23 September 2015updated 26 Jul 2021 10:03am

Labour MPs call for ten “Red Shifts“ to win a majority in England

A group of MPs has published what it calls "the first route-map back to winning a majority for Labour in England".

By Anoosh Chakelian

A number of Labour MPs, known as the Red Shift group, are putting together what they call “the first route-map back to a majority for Labour in England”.

The group – whose members include former Chief Secretary to the Treasury Liam Byrne, Shadow Health Secretary Heidi Alexander, former Shadow Chief Secretary to the Treasury Shabana Mahmood, Shadow Schools Minister Nic Dakin, and councillor and campaigner Caroline Badley – has come up with ten “red shifts” needed to build an English majority.

These are included in a report, called Looking for a New England: The Ten Shifts Labour Needs to Make To Win a Majority in England, which emphasises the importance of patriotism, English identity, reaching out to older voters, engaing with young people, the changing nature of work, economic trustworthiness, and championing Labour’s record in government.

It argues:

“England is changing. A new England is taking shape. Unless Labour makes the ten shifts we describe, this new England will stay Tory. A majority in England will elude us. We will remain trapped out of power. So: our instruction to deliver is clear. Change or lose. So let’s get on and change with it.”


Fix our brand – it’s been badly damaged

•    Shift 1: Fix our brand – from a party that has lost its way to a party that is clear, bold, and proud of our roots 
•    Shift 2: Embrace the ‘politics of English identity’ as a positive statement of national expression and pride in England – not as negative, divisive and dangerous

Fix the key issues – address the credibility deficit with a clear plan on the economy, public spending and public services

•    Shift 3: From ‘avoid the record’ to ‘proud of the record’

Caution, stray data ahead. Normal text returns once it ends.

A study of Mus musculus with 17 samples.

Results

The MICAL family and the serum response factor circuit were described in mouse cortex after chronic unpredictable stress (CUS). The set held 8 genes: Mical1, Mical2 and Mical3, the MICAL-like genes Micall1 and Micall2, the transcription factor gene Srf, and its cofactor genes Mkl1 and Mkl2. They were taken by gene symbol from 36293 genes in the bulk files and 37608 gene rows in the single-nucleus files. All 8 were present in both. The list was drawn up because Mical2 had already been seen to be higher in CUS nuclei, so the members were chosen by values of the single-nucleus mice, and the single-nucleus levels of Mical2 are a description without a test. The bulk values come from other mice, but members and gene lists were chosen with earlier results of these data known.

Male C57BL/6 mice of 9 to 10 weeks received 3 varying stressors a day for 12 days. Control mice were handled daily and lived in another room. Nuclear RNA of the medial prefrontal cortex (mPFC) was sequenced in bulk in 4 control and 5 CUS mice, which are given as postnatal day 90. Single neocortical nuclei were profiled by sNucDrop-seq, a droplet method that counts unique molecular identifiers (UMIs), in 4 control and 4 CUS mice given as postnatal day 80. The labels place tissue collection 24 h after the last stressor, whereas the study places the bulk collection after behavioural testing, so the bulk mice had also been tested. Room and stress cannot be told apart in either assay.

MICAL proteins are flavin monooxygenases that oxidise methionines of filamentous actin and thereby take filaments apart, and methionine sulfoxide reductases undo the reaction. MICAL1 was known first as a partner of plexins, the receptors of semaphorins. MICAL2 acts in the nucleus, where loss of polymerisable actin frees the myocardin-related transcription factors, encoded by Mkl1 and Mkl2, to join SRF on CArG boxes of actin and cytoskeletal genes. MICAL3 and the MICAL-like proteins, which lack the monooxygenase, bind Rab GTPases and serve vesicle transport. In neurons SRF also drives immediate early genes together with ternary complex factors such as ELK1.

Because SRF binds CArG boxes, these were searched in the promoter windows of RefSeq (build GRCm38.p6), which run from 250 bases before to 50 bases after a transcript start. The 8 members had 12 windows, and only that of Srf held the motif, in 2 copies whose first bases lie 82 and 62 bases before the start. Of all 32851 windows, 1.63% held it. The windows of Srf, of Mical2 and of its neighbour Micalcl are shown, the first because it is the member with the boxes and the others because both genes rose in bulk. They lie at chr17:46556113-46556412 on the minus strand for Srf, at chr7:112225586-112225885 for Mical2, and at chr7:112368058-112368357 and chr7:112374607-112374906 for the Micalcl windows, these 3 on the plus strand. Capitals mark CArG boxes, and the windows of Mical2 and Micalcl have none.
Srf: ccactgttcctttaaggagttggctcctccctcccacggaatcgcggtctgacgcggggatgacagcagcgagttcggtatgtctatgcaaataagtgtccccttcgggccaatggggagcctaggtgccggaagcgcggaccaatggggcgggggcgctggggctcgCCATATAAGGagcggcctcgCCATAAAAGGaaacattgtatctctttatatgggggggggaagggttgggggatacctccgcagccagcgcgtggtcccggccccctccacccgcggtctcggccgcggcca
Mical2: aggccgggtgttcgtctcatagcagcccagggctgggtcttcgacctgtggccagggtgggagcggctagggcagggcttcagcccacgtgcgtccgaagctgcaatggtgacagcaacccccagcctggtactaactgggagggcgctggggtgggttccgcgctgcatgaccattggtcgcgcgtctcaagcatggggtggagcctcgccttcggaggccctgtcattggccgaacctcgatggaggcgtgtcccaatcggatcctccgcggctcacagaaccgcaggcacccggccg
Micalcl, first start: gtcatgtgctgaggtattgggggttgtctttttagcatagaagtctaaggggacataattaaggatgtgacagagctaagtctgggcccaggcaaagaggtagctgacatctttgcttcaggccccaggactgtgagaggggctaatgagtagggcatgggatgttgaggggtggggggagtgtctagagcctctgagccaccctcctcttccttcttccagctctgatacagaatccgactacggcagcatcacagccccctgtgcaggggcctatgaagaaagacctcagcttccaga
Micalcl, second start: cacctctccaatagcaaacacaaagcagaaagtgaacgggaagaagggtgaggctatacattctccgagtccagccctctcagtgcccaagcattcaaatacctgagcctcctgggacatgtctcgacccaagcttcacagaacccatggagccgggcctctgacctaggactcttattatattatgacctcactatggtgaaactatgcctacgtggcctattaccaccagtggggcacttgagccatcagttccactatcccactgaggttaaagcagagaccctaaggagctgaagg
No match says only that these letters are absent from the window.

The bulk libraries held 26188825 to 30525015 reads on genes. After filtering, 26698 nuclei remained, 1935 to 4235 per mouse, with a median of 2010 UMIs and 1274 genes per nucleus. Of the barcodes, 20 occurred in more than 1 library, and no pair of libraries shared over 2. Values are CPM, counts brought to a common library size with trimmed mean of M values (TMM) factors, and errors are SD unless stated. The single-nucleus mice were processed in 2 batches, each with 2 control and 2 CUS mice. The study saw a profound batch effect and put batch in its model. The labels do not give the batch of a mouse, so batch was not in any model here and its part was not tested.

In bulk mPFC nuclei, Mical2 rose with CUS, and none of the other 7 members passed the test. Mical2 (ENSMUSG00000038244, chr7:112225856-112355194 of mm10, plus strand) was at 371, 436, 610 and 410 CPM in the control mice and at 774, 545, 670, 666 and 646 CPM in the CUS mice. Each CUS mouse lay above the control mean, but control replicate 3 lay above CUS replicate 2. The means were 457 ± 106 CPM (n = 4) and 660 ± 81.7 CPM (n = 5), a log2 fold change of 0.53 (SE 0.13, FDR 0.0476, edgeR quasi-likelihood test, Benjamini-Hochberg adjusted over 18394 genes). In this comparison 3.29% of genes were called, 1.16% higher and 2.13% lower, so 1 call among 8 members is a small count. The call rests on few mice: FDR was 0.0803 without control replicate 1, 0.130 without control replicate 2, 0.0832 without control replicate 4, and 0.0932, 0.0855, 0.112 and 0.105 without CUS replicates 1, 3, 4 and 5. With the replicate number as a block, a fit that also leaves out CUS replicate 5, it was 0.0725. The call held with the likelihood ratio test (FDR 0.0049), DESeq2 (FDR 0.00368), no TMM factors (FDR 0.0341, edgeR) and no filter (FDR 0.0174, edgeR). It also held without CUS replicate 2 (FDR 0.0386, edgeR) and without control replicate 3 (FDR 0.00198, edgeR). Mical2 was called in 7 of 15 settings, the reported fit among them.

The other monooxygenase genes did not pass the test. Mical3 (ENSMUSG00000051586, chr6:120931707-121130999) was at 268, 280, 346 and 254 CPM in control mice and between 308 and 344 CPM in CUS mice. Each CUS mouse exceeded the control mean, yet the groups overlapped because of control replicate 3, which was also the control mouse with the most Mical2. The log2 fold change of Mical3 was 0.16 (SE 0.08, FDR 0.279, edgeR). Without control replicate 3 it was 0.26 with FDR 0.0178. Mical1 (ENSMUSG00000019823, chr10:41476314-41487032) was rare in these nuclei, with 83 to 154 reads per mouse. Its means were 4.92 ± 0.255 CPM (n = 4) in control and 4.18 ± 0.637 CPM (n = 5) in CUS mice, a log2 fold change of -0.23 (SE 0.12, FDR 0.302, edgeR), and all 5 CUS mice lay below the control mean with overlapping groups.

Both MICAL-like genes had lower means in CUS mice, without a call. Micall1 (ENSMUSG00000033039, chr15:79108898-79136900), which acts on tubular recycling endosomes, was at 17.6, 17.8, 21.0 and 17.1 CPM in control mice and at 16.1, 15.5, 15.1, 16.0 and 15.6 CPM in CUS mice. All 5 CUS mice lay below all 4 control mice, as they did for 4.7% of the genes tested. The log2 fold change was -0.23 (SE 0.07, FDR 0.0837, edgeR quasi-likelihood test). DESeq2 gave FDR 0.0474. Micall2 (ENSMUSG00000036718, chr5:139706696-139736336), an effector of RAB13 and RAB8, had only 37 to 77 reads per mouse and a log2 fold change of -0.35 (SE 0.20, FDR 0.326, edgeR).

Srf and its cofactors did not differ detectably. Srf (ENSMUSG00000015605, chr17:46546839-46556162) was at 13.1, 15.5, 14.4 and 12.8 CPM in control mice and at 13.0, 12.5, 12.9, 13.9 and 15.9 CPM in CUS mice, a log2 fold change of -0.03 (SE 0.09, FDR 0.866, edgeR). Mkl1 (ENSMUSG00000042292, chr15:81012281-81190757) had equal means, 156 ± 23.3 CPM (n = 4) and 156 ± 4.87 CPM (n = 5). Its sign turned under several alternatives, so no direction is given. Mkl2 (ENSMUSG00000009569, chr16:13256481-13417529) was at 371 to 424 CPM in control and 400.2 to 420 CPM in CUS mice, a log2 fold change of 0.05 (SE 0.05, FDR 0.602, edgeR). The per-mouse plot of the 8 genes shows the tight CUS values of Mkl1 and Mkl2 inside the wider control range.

•    Shift 4: Money, money, money – our economic story must the beginning, middle and end of our offer
•    Shift 5: Recognize how the world of work is changing – and become the party of high tech jobs, entrepreneurs and the union of the self-employed  
•    Shift 6: Invent a new statecraft – from 20th century gimmicks to a digital age vision for the state.  

Dramatically broaden our appeal – to include the successful, the self-employed and entrepreneurs, and the over 55s. In addition, we need to change the way we work with and communicate with young people 

•    Shift 7: Older Voters – become the party of the silver majority
•    Shift 8: The feel-good party – become the party of people doing well and the ‘new-builds’.
•    Shift 9: Young people – educate and inspire our young people that power can be in their hands – if they are willing to turnout and vote

Change the way we campaign

•    Shift 10: The ground-war – from ‘can I have your vote’ to an evidence based and innovative

The last time Labour won a majority of English constituencies was in 2005. To win a majority in England now, Labour needs to scoop up an extra 106 English seats – a rather formidable swing of 11.5 per cent. The report points out that this means winning back seats such as Milton Keynes North, which currently has a Tory majority of 9,753:

“We have to be clear about who we stand for, be consistent, bold and proud of our roots and our mission. We have to embrace not dodge the politics of English identity. We have to reclaim Englishness. We need to clear up our story about our record – and stand proud of it. Perhaps we argue yes – we made mistakes – but we got it at least 70% right, changed our country for the better and stopped a worldwide recession becoming a global depression.

“We need to weave a fundamental respect for taxpayers’ money throughout our language, our narrative and our political mission – and talk in simple language about what our plans mean for spending. We need to become the party of high-tech jobs, entrepreneurs and the self-employed, and create a new, bold, visionary plan for public services in the digital age.

“Crucially, we need to radically broaden our appeal. We need to redraft a new plan for older voters, many of whom now work and many of whom hunger for a return to the contributory principle in our social security system. We need policies for those doing well – the voters who live in the ‘new build estates’ in seats like Milton Keynes.

Crucially, the report makes only one mention of new Labour leader Jeremy Corbyn – and even then, only in quoting an activist who expresses that Corbyn has the “feel good factor”. Though Red Shift’s analysis of what Labour needs to achieve is a sensible one, perhaps the one thing the group has neglected to tackle is the biggest obstacle of all: the party’s new leadership.

After all, how do you prove you are a party that isn’t embarrassed about Englishness when your leader was filmed failing to sing the national anthem at a war memorial service days after he was elected?